October 11, 2013


EU pig meat consumption drops three years in a row



As a result of tighter supplies and higher prices, EU's per capita consumption of pig meat has fallen for three years in a row, but should recover slightly next year, as the EU pig herd stabilises.


The January 2013 stalls ban is probably responsible for the drops in the EU pig herd seen in recently-published May-June 2013 survey results, says the European Commission in its latest Short Term Outlook report.


According to the survey, available for 13 countries representing 90% of the EU total, pig numbers dropped -1.3% over the past year with the main producers recording falls: Germany -1.6%; Spain -2.9%; Denmark -1.2%; France -0.6%; and Italy -6.6%.


Breeding sow numbers continue to decline, down -2.4% compared to May-June 2012, with Germany (-5.4%) and Spain (-6.5%) showing particularly big falls. This indicates that farmers' adjustment to the sow stalls regulation is still on-going and it should imply a lower number of slaughter pigs produced in 2013 for the second year in a row, says the Brussels report published this week.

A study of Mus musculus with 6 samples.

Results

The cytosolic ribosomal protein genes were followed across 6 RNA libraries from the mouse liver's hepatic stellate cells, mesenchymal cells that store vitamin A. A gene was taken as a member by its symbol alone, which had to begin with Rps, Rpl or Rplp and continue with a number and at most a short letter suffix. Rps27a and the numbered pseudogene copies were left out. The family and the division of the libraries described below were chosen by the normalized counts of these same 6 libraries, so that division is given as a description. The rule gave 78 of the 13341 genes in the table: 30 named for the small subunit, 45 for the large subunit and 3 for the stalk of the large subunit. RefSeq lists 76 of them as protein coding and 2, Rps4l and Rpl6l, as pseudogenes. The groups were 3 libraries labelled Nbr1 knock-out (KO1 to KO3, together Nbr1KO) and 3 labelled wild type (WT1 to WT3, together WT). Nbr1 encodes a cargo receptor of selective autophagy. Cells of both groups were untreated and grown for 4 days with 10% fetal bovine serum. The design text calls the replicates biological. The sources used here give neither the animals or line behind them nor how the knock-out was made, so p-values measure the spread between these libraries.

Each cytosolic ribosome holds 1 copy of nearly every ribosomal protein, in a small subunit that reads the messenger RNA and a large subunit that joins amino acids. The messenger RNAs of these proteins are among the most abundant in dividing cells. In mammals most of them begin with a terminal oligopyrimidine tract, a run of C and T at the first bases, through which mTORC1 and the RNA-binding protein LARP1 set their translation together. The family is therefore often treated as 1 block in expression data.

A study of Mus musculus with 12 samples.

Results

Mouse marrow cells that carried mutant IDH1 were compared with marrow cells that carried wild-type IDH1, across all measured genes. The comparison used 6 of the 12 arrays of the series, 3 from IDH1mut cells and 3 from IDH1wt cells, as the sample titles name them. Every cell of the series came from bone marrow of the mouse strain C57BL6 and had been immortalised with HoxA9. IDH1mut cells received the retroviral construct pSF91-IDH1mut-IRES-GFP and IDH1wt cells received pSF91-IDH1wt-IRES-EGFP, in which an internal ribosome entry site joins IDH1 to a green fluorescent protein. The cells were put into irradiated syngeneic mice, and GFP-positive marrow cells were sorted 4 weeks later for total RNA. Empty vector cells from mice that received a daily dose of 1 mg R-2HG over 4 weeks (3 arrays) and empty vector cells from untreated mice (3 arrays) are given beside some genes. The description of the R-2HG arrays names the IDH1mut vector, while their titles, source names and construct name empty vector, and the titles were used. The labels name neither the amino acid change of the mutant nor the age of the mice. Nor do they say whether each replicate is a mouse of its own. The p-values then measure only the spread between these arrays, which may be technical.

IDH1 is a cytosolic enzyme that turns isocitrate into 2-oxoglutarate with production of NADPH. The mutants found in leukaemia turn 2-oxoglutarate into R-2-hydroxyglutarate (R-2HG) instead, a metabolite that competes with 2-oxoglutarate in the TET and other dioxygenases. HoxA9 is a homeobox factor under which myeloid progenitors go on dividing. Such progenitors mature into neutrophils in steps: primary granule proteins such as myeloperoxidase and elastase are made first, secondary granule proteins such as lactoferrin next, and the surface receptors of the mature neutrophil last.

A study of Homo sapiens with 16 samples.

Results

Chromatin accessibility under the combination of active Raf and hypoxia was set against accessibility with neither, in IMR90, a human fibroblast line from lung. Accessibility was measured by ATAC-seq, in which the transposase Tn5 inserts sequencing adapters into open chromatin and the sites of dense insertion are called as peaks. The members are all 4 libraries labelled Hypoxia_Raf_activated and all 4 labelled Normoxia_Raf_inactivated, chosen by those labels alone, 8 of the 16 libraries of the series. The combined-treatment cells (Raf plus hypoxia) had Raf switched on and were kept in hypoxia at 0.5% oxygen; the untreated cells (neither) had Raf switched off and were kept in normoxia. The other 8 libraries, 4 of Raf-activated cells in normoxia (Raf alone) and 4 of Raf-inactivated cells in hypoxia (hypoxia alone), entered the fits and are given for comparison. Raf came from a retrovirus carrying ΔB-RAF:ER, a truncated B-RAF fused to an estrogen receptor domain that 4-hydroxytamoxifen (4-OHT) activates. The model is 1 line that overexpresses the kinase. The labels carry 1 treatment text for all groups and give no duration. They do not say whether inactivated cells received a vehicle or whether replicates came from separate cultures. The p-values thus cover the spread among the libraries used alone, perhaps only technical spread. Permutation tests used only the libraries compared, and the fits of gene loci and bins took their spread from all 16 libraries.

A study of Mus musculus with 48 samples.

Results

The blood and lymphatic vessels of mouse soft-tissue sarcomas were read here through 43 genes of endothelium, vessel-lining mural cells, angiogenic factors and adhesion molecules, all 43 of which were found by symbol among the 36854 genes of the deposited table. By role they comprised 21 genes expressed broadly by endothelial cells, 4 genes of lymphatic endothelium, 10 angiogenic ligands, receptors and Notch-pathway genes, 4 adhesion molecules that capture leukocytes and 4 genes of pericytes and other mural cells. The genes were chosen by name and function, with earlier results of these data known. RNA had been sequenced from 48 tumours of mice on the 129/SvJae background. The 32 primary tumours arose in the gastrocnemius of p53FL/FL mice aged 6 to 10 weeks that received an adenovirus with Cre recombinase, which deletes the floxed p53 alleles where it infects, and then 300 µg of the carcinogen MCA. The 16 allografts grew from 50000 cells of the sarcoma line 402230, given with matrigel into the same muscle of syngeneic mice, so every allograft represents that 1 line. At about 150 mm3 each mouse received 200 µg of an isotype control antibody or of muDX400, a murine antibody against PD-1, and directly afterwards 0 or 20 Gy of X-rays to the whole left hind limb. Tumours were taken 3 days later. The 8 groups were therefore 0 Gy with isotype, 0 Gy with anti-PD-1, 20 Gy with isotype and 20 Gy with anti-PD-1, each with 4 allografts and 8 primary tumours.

In January-June of 2013, the number of pigs slaughtered was 1.1% lower than last year but because of a growth in average carcass weight, production decreased by only 0.6%.


In spite of the current improvement in margins resulting from lower feed prices and higher pig meat prices, current estimates indicate that the decline in slaughterings compared to last year could be more pronounced in the second part of 2013. This could lead to an overall production decline of 1.2% this year. In 2014 pig meat production should start recovering as farmers will have completed their adaptation to the new welfare rules, says the report.


Good weather conditions this summer improved demand and boosted pig meat prices since June and, in August, they were at €1.90 (US$2.57) a kilogramme deadweight, a level comparable to the record of September last year.


Tightening of supply throughout 2013 should lead to lower exports this year. But Russia will keep its position as main destination with more than one fifth of EU exports.


Russian concern about the use of the feed additive ractopamine in the US and Canada has created opportunities for European producers. China could slowly become the second market for European pig meat.